U.S. Sen. Ron Johnson, R-Wis., said he was citing exports of crude oil and petroleum products exceeding imports of crude oil and petroleum products.
By that measure, a narrow one, the U.S. reached that threshold under former President Donald Trump.
But Johnson is wrong to say we have fallen back under President Joe Biden.
High gasoline prices have been top of mind for many voters across the country, with Republicans zeroing in on the issue and largely blaming Democrats and President Joe Biden.
In Wisconsin's second and final U.S. Senate debate, Republican U.S. Sen. Ron Johnson proposed a solution to the prices at the pump and 40-year high inflation:
"You have to grow our economy but stop the deficit spending and become energy independent," he said. "Stop the war on fossil fuel."
The call for energy independence has been made by Republicans and Democrats alike. But Johnson has been vocal about that push while dismissing the Biden Administration’s investment in clean energy.
That reminded us of a claim we have been meaning to get to — one from a July 14 blog post about gas prices on Johnson’s website: "We finally achieved that energy independence, just like we largely gained control of our border, under the Trump administration. President Biden squandered away both achievements."
We’ll focus here on the claim about energy independence.
Did the U.S. achieve energy independence under Donald Trump and lose that status under Biden?
The metrics of energy independence
Russia’s invasion of Ukraine has exacerbated oil supply across the globe. Recently, the Organization of the Petroleum Exporting Countries, led by Russia and Saudi Arabia, slashed oil production in a move expected to send gas prices higher.
To consider Johnson’s claim, let’s start by defining what energy independence means. There are actually multiple ways to view it.
First, many voters may take energy independence to mean the United States does not import any oil. But that hasn’t been true for at least seven decades. It could also mean the U.S. doesn’t import any energy, which is also not the case.
A more common metric for energy independence is whether a country is exporting more total energy than it imports.
In Johnson’s case, the senator was referring to something more narrow — not total energy, but exports of crude oil and petroleum products exceeding imports of crude oil and petroleum products.
When we asked for backup, his office pointed to U.S. Energy Information Administration data that show the U.S. did indeed become a net exporter of oil and petroleum products at the end of 2019 under then-President Donald Trump.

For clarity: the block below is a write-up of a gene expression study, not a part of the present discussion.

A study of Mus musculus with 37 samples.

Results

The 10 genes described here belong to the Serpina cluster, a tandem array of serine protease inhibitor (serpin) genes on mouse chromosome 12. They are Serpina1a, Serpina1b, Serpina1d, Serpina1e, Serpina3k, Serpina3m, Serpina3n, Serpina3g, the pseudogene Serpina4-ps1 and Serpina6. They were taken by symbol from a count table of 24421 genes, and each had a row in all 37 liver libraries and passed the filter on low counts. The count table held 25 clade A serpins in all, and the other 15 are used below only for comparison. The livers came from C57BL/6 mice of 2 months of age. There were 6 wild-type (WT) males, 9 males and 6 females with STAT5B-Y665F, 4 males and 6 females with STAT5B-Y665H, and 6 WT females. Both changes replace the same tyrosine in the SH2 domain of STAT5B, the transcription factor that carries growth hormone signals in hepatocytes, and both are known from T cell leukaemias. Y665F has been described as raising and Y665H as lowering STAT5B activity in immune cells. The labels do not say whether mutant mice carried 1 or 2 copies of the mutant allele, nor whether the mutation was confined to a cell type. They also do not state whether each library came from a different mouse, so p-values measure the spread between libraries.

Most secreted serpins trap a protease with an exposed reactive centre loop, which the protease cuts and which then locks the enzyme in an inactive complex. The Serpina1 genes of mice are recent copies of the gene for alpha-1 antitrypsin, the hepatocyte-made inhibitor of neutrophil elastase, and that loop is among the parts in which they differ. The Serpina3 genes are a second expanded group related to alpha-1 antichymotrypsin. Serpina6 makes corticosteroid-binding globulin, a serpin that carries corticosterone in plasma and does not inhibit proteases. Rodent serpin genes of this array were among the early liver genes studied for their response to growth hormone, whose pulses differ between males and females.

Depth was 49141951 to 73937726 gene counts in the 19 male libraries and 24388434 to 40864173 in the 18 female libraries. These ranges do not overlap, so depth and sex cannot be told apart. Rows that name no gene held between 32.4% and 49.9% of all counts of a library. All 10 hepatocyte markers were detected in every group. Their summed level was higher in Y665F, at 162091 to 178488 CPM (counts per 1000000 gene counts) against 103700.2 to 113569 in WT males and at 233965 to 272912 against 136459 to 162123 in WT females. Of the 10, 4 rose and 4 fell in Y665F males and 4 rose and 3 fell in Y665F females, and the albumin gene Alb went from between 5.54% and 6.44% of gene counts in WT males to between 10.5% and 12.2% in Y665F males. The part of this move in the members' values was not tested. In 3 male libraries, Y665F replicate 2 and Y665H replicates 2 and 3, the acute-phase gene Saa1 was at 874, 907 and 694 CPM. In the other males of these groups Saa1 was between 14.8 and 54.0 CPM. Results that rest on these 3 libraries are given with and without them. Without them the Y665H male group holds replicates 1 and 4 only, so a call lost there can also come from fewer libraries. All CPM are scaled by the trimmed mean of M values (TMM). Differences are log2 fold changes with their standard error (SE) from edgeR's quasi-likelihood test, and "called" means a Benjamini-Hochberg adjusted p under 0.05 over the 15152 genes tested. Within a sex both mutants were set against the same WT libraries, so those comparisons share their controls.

But the data also shows the U.S. has maintained that net export status — the metric Johnson used to consider energy independence — during the Biden administration in 2021, though it is significantly lower than it was in 2020.
(During both 2020 and 2021, the U.S. fluctuated between importing more crude oil and petroleum products and exporting more crude oil and petroleum products but ended both years with a net export.)
In the first seven months of 2022, according to the most recent Energy Information Administration data, the country has continued that exporting trend.
So, the U.S. has not "squandered" that position under Biden.
Johnson’s office did reference an Energy Information Administration from February 2022 that noted the country would shift back to net import status by the end of the year. But the most recent data indicate that has not happened so far.
Gregory Nemet, a professor at the University of Wisconsin’s La Follette School of Public Affairs who researches energy and public policy, noted the figures Johnson referenced include both crude oil and refined products such as gasoline and does not include other energy sources.
Lumping those two things together to determine energy independence, he said, doesn’t make much sense because refined products are converted from crude oil.
"It’s simply double counting," Nemet said. "For example, if we import oil from Canada and refine that into gasoline and sell the gasoline to Mexico, this number would say we are at net zero imports. That’s not what people care about when wanting independence."
If you consider just crude oil, Nemet pointed out, the U.S. has been a net importer for decades. In 2020, for example, the country imported a net 2.67 million barrels of crude oil per day. In 2021, that number was a net 3.13 million barrels per day.
Finally, if we consider the total energy metric — including sources like electricity, oil, coal and natural gas — the U.S. has been an annual net total energy exporter since 2019.
Johnson claimed "We finally achieved that energy independence … under the Trump administration. President Biden squandered (it) away."
By some measures, this is wrong — the U.S. has relied on imported oil products for decades and continues to do so. By choosing a more narrow metric, Johnson cites an accurate number: Late in the Trump administration, the U.S. began exporting more crude oil and petroleum products than it imports.
But Johnson is also wrong to say the situation has been reversed under Biden.
Our definition of Mostly False is: "The statement contains an element of truth but ignores critical facts that would give a different impression."
That fits here.
Interview with Gregory Nemet, professor at the La Follette School of Public Affairs, University of Wisconsin, Oct. 23, 2022.
Email with Alec Zimmerman, spokesperson for U.S. Sen. Ron Johnson campaign, Oct. 24, 2022.
U.S. Sen. Ron Johnson. Get the Facts: Gas Prices, July 14, 2022.
U.S. Energy Information Administration, U.S. energy facts explained. June 10, 2022.
U.S. Energy Information Administration, Petroleum & Other Liquids. Sept. 30, 2022.
U.S. Energy Information Administration, EIA expects U.S. petroleum trade to shift toward net imports during 2022. Feb. 18, 2022.
U.S. Energy Information Administration, Oil and petroleum products explained. April 21, 2022.